Does President Obama need financial reform finished this month so he can pressure the leaders of other countries in the G-20 to adopt similar standards in the upcoming meeting? According to a New York Times article from Monday, the White House thinks so. The administration wants a consensus reached by June 24th. That would give the conference committee two weeks to do its work, as it's set to convene on Thursday. Is it worth the rush?
The Times attempts to explain some of the important issues:
The administration has tried to use the summit meeting to foster a sense of urgency among lawmakers. It thinks a deal would give Mr. Obama greater leverage in efforts to persuade other countries to support proposals like a global bank tax and higher capital standards for the largest financial institutions. The higher standards are part of the legislation but would require international coordination.
It's a little unclear how Obama could gather any support for proposals like a global bank tax or higher capital standards, considering the fact that neither of Congress' financial reform bills provide explicit detail on either proposal, despite what the Times may think. But might there be other aspects of new regulation that are relevant globally? Yes, but there aren't many.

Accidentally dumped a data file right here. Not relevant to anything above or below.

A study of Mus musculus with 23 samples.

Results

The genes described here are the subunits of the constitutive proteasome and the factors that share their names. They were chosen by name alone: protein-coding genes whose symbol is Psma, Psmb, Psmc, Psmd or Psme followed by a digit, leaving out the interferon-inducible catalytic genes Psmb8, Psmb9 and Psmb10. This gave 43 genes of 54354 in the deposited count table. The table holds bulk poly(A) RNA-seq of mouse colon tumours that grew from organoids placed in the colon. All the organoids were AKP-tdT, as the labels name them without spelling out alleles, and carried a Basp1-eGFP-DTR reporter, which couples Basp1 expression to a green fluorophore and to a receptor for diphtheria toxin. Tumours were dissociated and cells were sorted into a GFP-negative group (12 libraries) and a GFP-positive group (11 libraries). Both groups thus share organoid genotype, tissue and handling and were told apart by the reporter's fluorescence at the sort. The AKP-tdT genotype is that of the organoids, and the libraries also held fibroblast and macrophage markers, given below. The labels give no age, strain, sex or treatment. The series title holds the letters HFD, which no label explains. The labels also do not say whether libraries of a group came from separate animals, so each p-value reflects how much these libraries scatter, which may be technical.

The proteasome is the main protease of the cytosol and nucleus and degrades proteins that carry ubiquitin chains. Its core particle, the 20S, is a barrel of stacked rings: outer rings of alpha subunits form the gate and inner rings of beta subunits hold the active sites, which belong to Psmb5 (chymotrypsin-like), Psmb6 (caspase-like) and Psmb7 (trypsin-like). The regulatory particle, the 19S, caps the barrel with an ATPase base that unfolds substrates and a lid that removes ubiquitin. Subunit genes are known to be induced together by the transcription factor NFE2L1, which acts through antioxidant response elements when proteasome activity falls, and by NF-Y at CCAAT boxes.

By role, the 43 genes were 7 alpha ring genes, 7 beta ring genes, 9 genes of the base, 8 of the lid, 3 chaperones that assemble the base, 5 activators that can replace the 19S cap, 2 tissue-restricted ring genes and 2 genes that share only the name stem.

As explained here, several of the major aspects of reform are already pretty much set in stone. So really, President Obama doesn't have to worry about consensus on those: he's already got it. As for the more controversial sections, it's fairly likely that only a few could have global implications. They include the proprietary trading ban, the new derivatives regulation, and some details about the resolution authority.
So really, he doesn't need much additional consensus to speak intelligently to the heads of other nations at the G-20 meeting about the U.S.'s intentions for regulation. All he really needs to do is ask House Financial Services Committee Chairman Barney Frank (D-MA) which of the Senate's more controversial provisions he can pass in his chamber, and ask Senate Banking Committee Chairman Chris Dodd (D-CT) the same of the few provisions where the House's bill is more aggressive.
As a result, conference doesn't really need to be anywhere near completed by June 24th to achieve this goal -- and it shouldn't be. These bills are hopelessly complicated. Although they have many similarities, they also have many differences. The notion that conference should be rushed to wrap up in just two weeks for the G-20 meeting is crazy. It's far more important that Congress get the legislation right, even if it takes a little extra time. They'll get it done sometime this summer, but needn't aim for June.